Nonprofit hospitals – When a nonprofit organization pays its CEO $5 million a year, it’s pretty obvious someone is profiting a lot, and that something is wrong. That was the situation in a court case in New Jersey this summer where the supposedly nonprofit Morristown Medical Center (owned by the Atlantic Health System) lost its tax-exempt status as it was operating like a for-profit hospital on almost every level.
In his decision, the judge pointed out that the medical center has various relationships with for-profit subsidiaries and owns several for-profit physician practices and other businesses The court was “unable to discern between non-profit activities carried out by the Hospital on the Subject Property, and the for-profit activities carried out by private physicians.”
In revoking the medical center’s property tax exemption, the judge noted: “By entangling and co-mingling its activities with for-profit entities, the Hospital allowed its property to be used for forbidden for-profit activities.”
The judge also emphasized that Morristown Medical Center paid its executives unreasonably high salaries for a nonprofit, including a completely unconscionable $5 million to its CEO in 2005.
Major implications for nonprofit hospitals in the future
Healthcare industry analysts immediately highlighted that this decision in New Jersey had major implications for other nonprofit hospitals across the country, and the judge was apparently quite aware of the stakes involved in his decision.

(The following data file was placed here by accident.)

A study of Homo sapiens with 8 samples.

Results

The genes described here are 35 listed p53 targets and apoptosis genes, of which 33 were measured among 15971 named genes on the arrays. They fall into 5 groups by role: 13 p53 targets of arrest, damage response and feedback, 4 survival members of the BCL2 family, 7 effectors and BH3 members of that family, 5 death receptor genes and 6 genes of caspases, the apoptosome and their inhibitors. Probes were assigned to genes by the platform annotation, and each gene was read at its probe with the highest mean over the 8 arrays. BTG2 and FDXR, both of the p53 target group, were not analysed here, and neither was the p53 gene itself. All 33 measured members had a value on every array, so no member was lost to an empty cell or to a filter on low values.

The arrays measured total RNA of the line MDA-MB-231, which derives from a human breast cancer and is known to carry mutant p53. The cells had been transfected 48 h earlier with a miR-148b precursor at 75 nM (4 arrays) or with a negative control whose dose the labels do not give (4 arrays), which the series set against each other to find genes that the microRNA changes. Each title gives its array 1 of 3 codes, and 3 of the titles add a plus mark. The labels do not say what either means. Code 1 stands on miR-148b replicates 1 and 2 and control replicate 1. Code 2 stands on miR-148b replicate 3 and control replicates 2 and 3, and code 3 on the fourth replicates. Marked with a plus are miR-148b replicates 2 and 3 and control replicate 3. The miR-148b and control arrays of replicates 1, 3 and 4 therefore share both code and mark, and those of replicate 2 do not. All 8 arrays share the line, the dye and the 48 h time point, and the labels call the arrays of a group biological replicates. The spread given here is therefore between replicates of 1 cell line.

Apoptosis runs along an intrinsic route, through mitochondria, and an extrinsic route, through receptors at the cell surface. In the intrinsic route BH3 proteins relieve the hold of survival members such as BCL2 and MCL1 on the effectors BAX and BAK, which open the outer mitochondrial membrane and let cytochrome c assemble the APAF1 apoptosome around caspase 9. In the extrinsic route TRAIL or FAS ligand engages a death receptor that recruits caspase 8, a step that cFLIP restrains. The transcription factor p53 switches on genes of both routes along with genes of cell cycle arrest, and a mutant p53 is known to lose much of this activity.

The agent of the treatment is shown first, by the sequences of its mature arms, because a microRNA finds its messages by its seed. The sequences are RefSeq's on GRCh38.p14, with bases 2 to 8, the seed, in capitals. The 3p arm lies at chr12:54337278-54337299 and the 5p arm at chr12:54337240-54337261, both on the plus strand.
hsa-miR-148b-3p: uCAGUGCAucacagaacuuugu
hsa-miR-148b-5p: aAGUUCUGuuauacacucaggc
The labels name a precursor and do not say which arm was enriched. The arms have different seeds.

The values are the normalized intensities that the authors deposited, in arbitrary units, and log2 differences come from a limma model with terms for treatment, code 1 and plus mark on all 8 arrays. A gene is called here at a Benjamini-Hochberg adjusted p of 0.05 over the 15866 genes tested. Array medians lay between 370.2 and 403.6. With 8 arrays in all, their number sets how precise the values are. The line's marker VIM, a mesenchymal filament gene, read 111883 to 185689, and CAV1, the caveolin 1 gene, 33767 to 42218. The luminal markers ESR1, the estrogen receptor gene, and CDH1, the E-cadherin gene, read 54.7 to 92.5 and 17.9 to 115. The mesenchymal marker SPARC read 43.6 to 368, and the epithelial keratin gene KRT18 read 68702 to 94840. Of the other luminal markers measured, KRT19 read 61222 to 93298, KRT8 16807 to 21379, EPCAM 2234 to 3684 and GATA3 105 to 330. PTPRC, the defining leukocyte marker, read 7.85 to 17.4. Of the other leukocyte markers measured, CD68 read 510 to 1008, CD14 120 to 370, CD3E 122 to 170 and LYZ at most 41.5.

“If it is true that all non-profit hospitals operate like the Hospital in this case, as was the testimony here, then for purposes of the property-tax exemption, modern non-profit hospitals are essentially legal fictions,” Judge Vito Bianco noted in his decision.
Hedge funds moving in to buy financially stressed nonprofit hospitals
Hedge funds are also getting involved in buying nonprofit hospitals today. California Attorney General Kamala Harris has recently approved a $260 million investment deal with BlueMountain Capital Management and the Daughters of Charity nonprofit hospital group, in the biggest non-profit hospital transaction in the history of the state. Although the reaction was positive for the most part, as it “saves” the financially struggling hospital chain from bankruptcy, but many are also worried about the future when a for-profit hedge fund buys a Catholic organization with a mission to help poor people.
The sale included numerous conditions, such as requiring the hedge fund to maintain the primary mission of assisting low-income patients, conditions that were too much for another hedge fund suitor last year.
Critics say the deal is the start of a slippery slope, as BlueMountain hedge fund can now buy the whole hospital chain in just a few years. They are to keep at least five of the six hospitals open and maintain Medi-Cal contracts and services, but only for the next 10 years. BlueMountain can do almost anything it wants with the hospital after a decade, and that is very likely to be bad news for low-income California residents.
That said, nonprofit hospitals are in trouble across the country. As the court case discussed above highlights, many nonprofit hospitals have allowed the profit motive to creep deeper and deeper into their operations, meaning that some are losing their tax exemptions and all are coming under increased scrutiny.
Healthcare industry analysts also point out that non-profit hospitals are having problems adequately funding pension plans because of current low discount rates, which hurts their overall financial health and long-term financial viability.